Skip to the main content

Pietro Servini is a postgrad maths student at UCL, and also a long-standing volunteer at the Dorcas Befriending Project in Islington. He’s written about his experiences for out latest guest blog …

It was 2007 – and thus a long time ago – that I first came across the Dorcas Befriending Project, or just the Dorcas Project as it was then known.  The project co-ordinator, Hervé, was sitting – temporarily alone – in the cloisters at UCL’s Volunteering Fair.  Drawn like a fly to light, I went up to him and sealed my fate.

Dorcas, as Hervé explained to me at the time, paired volunteers with elderly or isolated people in Islington: those who didn’t have many visitors, whose friends had passed away, who didn’t have any family, who were confined to the small world of their flat, who were unable to get out and feel the sun on their back and wind in their hair.  People who were lonely, who felt forgotten, who had little to look forward to.  The Dorcas volunteers would visit such a person once a week, every week, to give him or her something to look forward to, someone to talk to, somebody to help them, somebody who would bring the sunshine in or take them outside.  Somebody who cared.  A friend.

Following an intensive evening of training, Hervé took me along and introduced me to my first ‘client’, Nicky, a man in his 40s who suffered from chronic obesity and couldn’t leave his flat.  I taught Nicky how to play cards and we played religiously every week for hours, whilst talking about the Gunners.  By the end, Nicky was a friend.

The next person I visited was Bill, a lot older at 96 and a real gentleman.  On sunny days, we’d go walking round the block and sit on park benches, where he’d peer inquisitively at all around him.  Next was Cornelius, elderly and completely deaf due to a bomb blast during the war.  But he could lip read perfectly and still remembered how to speak, so he could tell me as we sat in Argyle Square Gardens how back in the day many of the houses around us used to be brothels and how much London had changed.  Then I saw Giuseppe, of a venerable age and, like me, originally Italian, who spoke of the Italian Community in Clerkenwell in its halcyon days of the early 1900s.  And showed me photos of the war.  I now visit Bob, a pilot in the RAF during said war, who loves his planes and has seen the world.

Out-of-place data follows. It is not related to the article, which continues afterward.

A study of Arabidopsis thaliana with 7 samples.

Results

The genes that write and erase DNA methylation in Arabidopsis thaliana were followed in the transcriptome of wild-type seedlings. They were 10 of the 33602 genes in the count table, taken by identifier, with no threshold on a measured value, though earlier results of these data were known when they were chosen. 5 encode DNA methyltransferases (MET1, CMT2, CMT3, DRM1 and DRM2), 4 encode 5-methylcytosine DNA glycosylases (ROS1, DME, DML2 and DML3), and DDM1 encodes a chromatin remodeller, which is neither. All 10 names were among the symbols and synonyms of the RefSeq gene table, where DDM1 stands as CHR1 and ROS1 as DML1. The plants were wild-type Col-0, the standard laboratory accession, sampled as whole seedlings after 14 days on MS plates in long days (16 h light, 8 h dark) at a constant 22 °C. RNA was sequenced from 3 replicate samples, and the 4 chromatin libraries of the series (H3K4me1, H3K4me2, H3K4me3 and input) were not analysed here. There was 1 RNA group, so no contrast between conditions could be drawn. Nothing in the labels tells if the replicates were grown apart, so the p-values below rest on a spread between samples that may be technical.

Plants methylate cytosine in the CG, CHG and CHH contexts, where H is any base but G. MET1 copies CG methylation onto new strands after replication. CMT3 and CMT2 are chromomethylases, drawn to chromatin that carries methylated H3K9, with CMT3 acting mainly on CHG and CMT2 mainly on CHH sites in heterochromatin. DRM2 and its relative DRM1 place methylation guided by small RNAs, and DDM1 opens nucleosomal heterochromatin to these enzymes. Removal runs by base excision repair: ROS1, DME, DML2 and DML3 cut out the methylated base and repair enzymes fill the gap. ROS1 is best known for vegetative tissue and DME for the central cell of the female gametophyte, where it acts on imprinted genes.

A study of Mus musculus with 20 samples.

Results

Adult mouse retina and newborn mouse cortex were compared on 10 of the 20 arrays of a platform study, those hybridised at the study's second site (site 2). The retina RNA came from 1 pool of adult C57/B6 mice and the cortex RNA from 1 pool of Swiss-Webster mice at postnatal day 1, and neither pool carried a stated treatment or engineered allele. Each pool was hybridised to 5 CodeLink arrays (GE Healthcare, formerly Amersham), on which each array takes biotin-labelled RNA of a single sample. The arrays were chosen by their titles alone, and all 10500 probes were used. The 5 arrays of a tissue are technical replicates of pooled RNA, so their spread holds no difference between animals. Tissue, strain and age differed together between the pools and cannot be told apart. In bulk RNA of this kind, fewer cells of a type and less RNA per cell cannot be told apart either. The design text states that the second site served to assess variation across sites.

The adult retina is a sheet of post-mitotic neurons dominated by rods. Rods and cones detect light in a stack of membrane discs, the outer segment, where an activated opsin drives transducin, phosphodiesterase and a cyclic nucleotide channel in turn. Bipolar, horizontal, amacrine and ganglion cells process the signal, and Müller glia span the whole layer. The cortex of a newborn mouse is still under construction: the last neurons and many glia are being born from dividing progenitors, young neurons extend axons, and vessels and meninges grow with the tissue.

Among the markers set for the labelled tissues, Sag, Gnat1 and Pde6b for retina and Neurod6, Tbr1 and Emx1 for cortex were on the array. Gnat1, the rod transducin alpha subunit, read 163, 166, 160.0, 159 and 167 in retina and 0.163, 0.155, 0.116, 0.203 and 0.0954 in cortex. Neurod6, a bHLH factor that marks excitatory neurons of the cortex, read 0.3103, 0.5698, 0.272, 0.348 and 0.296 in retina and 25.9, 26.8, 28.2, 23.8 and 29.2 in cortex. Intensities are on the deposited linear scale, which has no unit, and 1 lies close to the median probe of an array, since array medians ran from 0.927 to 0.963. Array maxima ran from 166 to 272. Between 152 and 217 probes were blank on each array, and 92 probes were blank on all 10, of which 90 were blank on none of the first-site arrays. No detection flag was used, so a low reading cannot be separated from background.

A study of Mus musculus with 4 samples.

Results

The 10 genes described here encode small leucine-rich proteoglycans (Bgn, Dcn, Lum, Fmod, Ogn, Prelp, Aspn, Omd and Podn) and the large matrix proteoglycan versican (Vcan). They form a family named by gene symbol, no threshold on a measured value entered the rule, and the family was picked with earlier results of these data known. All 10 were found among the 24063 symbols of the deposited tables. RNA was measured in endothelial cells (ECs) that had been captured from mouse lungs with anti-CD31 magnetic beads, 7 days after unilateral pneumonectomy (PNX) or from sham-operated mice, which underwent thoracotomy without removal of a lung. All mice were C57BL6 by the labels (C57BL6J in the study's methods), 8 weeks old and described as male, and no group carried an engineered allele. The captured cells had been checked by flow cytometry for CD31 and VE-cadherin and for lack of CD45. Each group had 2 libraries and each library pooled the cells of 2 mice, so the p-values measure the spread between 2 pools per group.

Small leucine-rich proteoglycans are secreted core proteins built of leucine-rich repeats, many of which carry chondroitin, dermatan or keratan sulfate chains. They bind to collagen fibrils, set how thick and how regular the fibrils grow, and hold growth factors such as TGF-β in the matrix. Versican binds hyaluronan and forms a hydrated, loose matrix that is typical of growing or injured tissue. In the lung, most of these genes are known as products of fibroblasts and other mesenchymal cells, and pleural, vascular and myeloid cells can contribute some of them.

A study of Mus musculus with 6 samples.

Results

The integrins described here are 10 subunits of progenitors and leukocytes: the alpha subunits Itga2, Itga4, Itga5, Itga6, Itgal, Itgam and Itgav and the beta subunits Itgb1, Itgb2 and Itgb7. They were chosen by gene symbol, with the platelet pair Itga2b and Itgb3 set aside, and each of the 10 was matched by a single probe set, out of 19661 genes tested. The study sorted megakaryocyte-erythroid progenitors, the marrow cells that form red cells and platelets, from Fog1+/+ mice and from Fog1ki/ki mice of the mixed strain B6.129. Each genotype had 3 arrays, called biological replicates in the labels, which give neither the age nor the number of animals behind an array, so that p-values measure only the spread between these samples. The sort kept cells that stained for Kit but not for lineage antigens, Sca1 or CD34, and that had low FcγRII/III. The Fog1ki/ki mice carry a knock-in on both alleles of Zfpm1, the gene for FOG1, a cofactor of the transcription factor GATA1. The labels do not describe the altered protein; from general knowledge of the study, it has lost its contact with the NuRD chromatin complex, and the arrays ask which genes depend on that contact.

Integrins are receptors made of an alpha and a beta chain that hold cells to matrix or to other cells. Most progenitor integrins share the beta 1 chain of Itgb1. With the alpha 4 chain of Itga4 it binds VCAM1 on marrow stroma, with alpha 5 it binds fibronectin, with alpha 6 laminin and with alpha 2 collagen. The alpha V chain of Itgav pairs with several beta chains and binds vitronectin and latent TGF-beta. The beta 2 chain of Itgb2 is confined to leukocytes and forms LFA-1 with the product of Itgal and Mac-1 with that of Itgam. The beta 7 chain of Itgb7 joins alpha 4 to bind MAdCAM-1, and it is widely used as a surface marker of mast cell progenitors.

By the end, and the end was death, all of them were friends and I went to the funeral of most.  Nick was the hardest, perhaps because he was the first, perhaps because he was young, perhaps because it was unexpected.  It was the end of my first year exams, I was out celebrating and Hervé phoned me to tell me: it made me terribly sad.  When Bill died, then Cornelius, all after less than a year of my visits, I began to think that I was a curse.  But the people I’ve visited are elderly and are bound to leave sooner rather than later.  Ultimately, it’s a privilege and a joy to enliven the final years of their lives and learn from their experiences.

So much has changed since I first saw Hervé sitting at a small stall at a Volunteering Fair.  Perhaps the greatest change came in 2011, following the withdrawal of council funding as a result of government cuts.  That could have been the end of Dorcas, but as volunteers who were experiencing the wonderful impact we had on the lives of those we were visiting, we refused to let that happen.  We set up the Dorcas Befriending Project as a new charity, appointed trustees and worked to get Dorcas to rise again from the ashes.  Today, it’s our charity and exciting times are ahead with a proposed merge with another local charity.

I’ve made some great new friends and met many fantastic people through my time with Dorcas.  First and foremost are the people I’ve visited: we’re a charity about building friendships and you’re given the complete freedom to do so.  Everyone I’ve visited has been very different and sometimes it requires a bit of effort to gain their acceptance, but it’s always incredibly rewarding and fulfilling in the end.  Secondly are my fellow volunteers, who I meet with every few months at our social events in the pub: a diverse and eclectic bunch, but who are all motivated by the same desire to care for those who have been largely forgotten by society.

And then, of course, there’s Hervé, who has now left his post with the society.  He was sitting the last time I saw him too, on a sunny Summer’s day in 2015.  But he was sitting at home, with his wife and child, and I’d gone over for tea.


Has Pietro inspired you to try some volunteering? Visit our online directory of opportunities from across London.